Contributed by Jim Propp, University of Massachusetts Lowell

Prof. Jim Propp of the University of Massachusetts Lowell has been corresponding with the Prisoner’s Dilemma about planar cross sections of three-dimensional solids. For example, suppose you have a regular tetrahedron (a triangular pyramid on an equilateral triangle base with the proper height so that all of the faces are equilateral triangles). If you pass it through a cutting plane so that one face is parallel to the plane, all of the cross sections are triangles, which does not seem surprising. You can see such a cross section, and Prof. Propp himself, in the image above. However, if you rotate the tetrahedron so that both of a pair of opposite edges are parallel to the cutting plane and then pass it through the plane, all of the cross sections are rectangles, as shown in figure 1.

Can you find an orientation of the tetrahedron that ‘s exactly in-between? In other words, an orientation with respect to a cutting plane so that when you move the tetrahedron at a constant rate perpendicular to that plane, the average number of sides of the cross-section is three and a half?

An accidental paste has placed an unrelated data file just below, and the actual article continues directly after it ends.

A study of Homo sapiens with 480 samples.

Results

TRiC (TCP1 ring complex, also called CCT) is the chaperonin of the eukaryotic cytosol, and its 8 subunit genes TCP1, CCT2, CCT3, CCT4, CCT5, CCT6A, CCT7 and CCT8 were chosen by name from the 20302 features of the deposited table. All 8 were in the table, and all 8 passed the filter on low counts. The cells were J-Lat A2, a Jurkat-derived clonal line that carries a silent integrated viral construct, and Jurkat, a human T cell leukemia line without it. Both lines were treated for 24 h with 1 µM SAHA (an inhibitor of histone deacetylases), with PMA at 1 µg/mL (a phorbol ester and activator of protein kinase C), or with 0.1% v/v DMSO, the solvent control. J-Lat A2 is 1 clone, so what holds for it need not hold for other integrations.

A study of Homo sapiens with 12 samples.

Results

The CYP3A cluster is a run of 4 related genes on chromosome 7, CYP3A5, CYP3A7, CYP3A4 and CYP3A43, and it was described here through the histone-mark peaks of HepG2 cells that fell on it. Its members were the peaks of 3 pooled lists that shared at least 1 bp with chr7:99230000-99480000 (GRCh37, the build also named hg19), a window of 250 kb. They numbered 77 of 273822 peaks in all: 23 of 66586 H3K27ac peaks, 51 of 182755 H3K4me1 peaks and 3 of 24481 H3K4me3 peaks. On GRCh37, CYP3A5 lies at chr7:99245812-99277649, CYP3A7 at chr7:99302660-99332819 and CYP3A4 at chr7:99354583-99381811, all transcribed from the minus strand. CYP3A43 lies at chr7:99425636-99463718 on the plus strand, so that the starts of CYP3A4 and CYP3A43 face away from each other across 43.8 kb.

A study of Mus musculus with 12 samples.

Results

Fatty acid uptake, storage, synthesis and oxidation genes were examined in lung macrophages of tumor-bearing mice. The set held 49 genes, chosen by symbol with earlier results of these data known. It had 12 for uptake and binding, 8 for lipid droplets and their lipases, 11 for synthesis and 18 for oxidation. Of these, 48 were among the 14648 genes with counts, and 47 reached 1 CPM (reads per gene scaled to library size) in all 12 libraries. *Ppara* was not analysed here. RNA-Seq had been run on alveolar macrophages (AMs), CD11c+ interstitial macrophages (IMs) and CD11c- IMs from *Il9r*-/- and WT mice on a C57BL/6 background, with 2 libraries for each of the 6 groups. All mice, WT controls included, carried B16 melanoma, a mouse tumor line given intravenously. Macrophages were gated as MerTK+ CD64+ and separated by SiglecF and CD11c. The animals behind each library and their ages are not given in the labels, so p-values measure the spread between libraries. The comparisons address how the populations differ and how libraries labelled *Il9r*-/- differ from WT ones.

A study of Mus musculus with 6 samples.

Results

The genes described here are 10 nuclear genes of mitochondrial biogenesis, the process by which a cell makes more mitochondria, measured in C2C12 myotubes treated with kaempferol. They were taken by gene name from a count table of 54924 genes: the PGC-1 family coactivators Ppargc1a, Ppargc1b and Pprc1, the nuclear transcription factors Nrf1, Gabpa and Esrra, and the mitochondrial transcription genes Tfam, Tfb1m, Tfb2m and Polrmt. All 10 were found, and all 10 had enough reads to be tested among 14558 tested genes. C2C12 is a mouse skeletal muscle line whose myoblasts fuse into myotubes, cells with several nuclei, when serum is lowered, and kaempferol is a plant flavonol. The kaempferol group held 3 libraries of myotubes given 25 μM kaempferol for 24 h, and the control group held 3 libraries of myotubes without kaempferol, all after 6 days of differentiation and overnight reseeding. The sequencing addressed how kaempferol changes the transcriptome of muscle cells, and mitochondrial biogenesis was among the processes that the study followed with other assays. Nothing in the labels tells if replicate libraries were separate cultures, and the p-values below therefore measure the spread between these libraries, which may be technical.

Prof Propp would contrast these possibilities for a tetrahedron with the situation for another Platonic solid: he has proven that no matter how you orient a cube, when you pass it through a cutting plane in this way the average number of sides of a cross section is always exactly four (even though any number of sides from three to six can occur for a single specific cross section). An octahedron (the solid with eight equilateral triangular faces made by gluing two square pyramids by their square faces) is more like a tetrahedron in this way: if you slice it perpendicular to a line joining two opposite vertices, all of the cross sections are squares, but if you slice it parallel to one of the faces, all of the cross sections (except the lone initial and final ones) are hexagons. What about the other two Platonic solids, the dodecahedron with twelve pentagonal faces and the icosahedron made up of twenty equilateral triangles?

This problem originally appeared in the Prisoner’s Dilemma in the 2022 Fall issue of the PMP Newsletter. Solutions are no longer being accepted for this Dilemma.